Posted: Wednesday, July 31, 2002
By: Stacey McCaslin
Start your engines, the Kentucky State Police have a new ride that’s going to be a booger to outrun.
Troopers Brent White and Jason Kirk of the Kentucky State Police’s Post 2 will be behind the wheel of a high-performance 2002 Chevrolet Camaro, each taking turns while on duty in southern Pennyrile counties.
White and Kirk are the only officers assigned to the vehicle at Post 2 headquarters in Madisonville and received this honor after extensive training.
“Sorry I’m late, I was chasing a Mustang doing 102 on my way here.” That’s the first thing White said as he entered the Times Leader newspaper office in Princeton, ready to give an interview on the performance of the newest in law enforcement vehicles.
Not all troopers have the opportunity to chase a Mustang doing 102 mph and actually catch the driver. It takes skill and a Camaro equipped with a high- output engine normally found in a Corvette.
This SEV, or Special Enforcement Vehicle, was cause for White and Kirk to undergo a three day deal of specialized training.
“We, and the car, were put through the mill,” White noted. “We had three days on two different closed tracks in Richmond. This is totally different from driving a cruiser.”
Statistics indicate that unsafe speed is a contributing factor in 25 percent of accidents in Kentucky, according to a news release from the state police.
“That’s what these vehicles will be used for, for speed enforcement on Kentucky’s interstates, parkways and other roadways,” White said.
Out of the 16 state police posts located in Kentucky, only 10 have received the Camaros, which are replacing the Ford Mustangs issued to state police in 1985 and 1990, according to White.
“Post 2 was chosen to receive one of the 10 Camaros because of the amount of road miles we have and the number of collisions we have.”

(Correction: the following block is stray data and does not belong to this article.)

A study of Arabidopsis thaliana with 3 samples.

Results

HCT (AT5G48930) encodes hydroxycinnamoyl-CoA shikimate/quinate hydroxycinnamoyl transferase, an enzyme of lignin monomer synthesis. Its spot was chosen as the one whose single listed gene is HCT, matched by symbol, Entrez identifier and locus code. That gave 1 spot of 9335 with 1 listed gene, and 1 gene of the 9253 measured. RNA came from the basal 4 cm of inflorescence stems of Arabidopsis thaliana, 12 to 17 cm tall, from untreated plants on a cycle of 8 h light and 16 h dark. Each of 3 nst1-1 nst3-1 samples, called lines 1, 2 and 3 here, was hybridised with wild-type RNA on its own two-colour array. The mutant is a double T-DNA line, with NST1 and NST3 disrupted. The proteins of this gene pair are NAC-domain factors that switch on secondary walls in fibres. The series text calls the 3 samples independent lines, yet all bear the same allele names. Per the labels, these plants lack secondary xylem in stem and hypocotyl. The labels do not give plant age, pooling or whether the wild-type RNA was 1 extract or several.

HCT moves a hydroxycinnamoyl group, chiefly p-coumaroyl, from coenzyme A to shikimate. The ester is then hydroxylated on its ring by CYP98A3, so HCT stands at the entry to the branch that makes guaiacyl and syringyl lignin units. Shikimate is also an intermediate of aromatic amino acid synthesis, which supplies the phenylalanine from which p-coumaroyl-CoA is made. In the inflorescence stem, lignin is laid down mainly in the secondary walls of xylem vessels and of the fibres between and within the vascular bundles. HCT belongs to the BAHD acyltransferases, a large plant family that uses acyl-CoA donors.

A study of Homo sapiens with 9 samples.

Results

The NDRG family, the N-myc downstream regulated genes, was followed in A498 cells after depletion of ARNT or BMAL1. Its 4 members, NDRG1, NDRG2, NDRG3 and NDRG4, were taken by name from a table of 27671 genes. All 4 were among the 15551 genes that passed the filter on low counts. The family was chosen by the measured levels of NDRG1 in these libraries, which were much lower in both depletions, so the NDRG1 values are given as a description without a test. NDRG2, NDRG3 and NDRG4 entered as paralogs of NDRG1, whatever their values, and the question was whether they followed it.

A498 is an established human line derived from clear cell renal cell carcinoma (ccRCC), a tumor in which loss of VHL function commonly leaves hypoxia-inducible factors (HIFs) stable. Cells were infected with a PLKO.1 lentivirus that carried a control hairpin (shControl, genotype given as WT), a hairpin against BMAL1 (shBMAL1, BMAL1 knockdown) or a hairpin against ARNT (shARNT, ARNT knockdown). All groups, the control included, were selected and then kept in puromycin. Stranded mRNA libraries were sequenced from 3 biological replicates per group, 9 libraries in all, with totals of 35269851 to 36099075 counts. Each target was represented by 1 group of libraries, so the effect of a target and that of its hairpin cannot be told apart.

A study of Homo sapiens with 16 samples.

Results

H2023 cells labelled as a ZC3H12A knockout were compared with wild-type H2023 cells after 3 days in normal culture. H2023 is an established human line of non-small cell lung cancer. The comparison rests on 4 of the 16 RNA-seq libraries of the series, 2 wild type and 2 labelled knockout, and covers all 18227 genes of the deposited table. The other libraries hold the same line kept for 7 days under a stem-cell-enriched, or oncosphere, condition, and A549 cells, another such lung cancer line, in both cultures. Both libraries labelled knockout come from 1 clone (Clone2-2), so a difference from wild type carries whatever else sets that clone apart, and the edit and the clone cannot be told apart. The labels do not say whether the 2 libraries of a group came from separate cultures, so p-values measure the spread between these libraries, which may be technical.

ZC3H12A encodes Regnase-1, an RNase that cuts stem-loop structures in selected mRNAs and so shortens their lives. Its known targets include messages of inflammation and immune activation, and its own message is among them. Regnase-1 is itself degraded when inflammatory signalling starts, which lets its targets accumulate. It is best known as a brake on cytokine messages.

Post 2 covers Caldwell, Christian, Crittenden, Hopkins, Muhlenberg, Todd and Webster counties.
“We list the top two accident locations in each county,” White said. “We can be found in those spots, but you’re liable to find us anywhere.
The top two accident locations in Caldwell County are on the Western Kentucky Parkway between mile marker 8 and mile marker 19 and on Kentucky 91 between mile marker 4 and mile marker 17.
But as White said, the whole Post 2 area will be covered by the new SEV with troopers watching out for speeders.
However, those exceeding the speed limit will have a little trouble watching out for the troopers.
The Camaro is white and has little official marking, an emblem on the door and the words state trooper on the front fenders.
From the rear or through a rearview mirror, the SEV may look like a regular old everyday Camaro.
White said that he and Kirk, along with all other Post 2 troopers, will be looking for the use of seat belts, child restraints and looking for any other moving violations.
Lyon County residents can look out for their own Camaro as Mayfield State Police Post 1, which covers Lyon County, received its own Camaro.
As White said with the Mustang incident right before his interview, “It’s not easy to outrun these new vehicles.”
Do yourself a favor – surrender while you can.
Not Stealthy Enough? How about no markings at all?
If you look closely, this unmarked Camaro has (2) LED lights down in the grill, and a RADAR antenna mounted up in the top drivers corner of the windshield.